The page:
By Dr. Peter F Sale
Held on Thursday, July 18, 2013 at 7:00 pm at the Muskoka Boat & Heritage Centre in Gravenhurst. Admission was by donation.
Those of us who live here in Muskoka all know that our environment IS our economy. That’s as obvious on a mid-week winter morning on a deserted Port Carling street as it is in downtown Huntsville on the Saturday morning of the Canada Day weekend. Our economy is driven by the tourism and outdoor recreation which our environment sustains.
In this lecture, Dr. Sale argued that our environment is far more than just the hook we use to reel in visitors, that it has an importance for us far beyond dollars, and that it is vitally important for us to ensure that it continues to be the wondrous place it is. Our challenge is to continue to enjoy our natural environment without loving it to death. To meet this challenge we need to understand how our environment does the wondrous things it does, and how we can help it continue to do so.
This talk touched upon the history, the geology, the ecology and the biology of Muskoka, with some stories you may not yet know and some you know very well – stories about Muskoka’s plumbing, its strange inhabitants, its effect on the spirit. And Dr. Sale explored Muskoka’s future – a future that should be quite good but could be quite awful if we are careless. Finally, he spoke of the idea of belonging to a place rather than owning it, of borrowing from rather than using, of respecting and honouring this wondrous environment of which we are but one part.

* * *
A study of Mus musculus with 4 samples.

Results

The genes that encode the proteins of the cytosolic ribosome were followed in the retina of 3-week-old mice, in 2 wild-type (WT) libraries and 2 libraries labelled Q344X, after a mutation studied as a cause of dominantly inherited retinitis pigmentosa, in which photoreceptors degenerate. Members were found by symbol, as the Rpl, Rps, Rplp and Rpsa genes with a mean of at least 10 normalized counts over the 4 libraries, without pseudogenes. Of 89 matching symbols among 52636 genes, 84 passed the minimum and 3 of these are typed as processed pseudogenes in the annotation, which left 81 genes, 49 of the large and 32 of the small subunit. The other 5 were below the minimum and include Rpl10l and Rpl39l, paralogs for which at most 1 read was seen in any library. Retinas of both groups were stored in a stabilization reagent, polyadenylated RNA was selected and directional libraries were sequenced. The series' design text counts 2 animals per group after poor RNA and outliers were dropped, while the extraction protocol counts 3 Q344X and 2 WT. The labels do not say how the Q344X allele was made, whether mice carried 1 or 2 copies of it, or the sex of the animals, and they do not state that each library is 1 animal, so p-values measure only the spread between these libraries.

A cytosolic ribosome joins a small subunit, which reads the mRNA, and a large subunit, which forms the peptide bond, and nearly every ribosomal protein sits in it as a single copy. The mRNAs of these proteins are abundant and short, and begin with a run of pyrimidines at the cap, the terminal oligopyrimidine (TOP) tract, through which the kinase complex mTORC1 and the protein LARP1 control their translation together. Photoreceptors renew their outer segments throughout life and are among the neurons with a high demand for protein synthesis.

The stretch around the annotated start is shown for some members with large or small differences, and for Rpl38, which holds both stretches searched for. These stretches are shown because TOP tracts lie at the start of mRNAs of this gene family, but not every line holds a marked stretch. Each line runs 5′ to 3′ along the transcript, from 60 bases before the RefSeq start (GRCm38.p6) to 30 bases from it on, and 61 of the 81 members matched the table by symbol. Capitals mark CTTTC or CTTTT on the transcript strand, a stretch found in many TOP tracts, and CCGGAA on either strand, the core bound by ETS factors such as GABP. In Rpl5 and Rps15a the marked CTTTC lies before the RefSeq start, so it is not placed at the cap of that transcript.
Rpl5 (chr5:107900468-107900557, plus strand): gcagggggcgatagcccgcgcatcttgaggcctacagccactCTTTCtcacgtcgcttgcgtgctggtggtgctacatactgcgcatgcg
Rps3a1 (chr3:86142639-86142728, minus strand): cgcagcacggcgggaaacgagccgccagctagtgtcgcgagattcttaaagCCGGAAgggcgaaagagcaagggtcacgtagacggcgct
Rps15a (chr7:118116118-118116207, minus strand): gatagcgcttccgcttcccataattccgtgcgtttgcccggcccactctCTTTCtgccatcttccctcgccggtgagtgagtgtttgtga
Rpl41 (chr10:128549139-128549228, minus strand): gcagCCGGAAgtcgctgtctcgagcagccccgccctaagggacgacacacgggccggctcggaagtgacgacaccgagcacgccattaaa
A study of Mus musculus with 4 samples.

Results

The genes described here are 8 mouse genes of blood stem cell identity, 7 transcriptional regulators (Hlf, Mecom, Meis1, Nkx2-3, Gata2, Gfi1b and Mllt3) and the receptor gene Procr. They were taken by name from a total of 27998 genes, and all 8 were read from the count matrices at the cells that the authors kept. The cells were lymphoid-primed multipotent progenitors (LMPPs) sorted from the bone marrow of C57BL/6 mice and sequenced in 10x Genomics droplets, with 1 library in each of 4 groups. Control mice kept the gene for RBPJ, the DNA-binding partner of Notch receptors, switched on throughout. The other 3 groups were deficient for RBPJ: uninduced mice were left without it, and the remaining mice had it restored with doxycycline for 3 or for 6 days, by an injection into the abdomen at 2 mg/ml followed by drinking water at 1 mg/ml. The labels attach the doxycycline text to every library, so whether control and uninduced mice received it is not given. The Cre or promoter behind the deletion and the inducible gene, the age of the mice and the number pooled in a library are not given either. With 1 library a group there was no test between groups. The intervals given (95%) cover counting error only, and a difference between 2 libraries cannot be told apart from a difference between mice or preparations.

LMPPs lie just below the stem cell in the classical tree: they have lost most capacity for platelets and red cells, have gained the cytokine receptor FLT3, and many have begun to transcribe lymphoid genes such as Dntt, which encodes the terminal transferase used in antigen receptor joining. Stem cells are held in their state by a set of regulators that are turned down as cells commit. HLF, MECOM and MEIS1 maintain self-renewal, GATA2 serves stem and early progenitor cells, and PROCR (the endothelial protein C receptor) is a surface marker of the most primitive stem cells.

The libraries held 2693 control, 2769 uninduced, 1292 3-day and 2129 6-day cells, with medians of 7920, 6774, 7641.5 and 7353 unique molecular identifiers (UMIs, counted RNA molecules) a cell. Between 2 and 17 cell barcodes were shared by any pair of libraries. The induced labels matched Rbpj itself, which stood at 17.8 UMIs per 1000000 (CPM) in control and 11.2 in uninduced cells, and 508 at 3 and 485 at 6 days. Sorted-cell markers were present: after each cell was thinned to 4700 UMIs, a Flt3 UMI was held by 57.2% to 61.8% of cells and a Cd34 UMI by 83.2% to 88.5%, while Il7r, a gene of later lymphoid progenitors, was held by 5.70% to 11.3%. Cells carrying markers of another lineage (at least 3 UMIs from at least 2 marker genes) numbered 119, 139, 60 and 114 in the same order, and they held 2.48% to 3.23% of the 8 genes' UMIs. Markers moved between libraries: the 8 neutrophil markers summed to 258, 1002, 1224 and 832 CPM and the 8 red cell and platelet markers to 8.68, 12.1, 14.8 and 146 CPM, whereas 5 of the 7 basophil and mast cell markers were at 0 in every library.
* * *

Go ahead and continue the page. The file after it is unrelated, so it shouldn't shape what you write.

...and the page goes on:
About Dr. Peter F Sale
Dr. Peter F Sale is Assistant Director at United Nations University’s Institute for Water, Environment and Health and is University Professor Emeritus at the University of Windsor. Educated at the University of Toronto and the University of Hawaii, his research into ecology of coral reefs spanned a career at the University of Sydney, (1968-87), University of New Hampshire (1988-93), and University of Windsor (1994-2006).
His work has focused primarily on reef fish ecology, most recently on aspects of juvenile ecology, recruitment and connectivity. He has done research in Hawaii, Australia, the Caribbean and the Middle East, and visited reefs in many places in between. He has successfully used his fundamental science research to develop and guide projects in international development and sustainable coastal marine management in the Caribbean and the Indo-Pacific. His laboratory has produced over 200 technical publications and he has edited three books dealing with marine ecology.
He now lives with his wife Donna in Muskoka while leading projects applying science to coastal marine management in tropical regions around the world. His recent book, Our Dying Planet, tells the story of our impacts on the environment from the perspective of an ecologist who has seen environmental decline with his own eyes.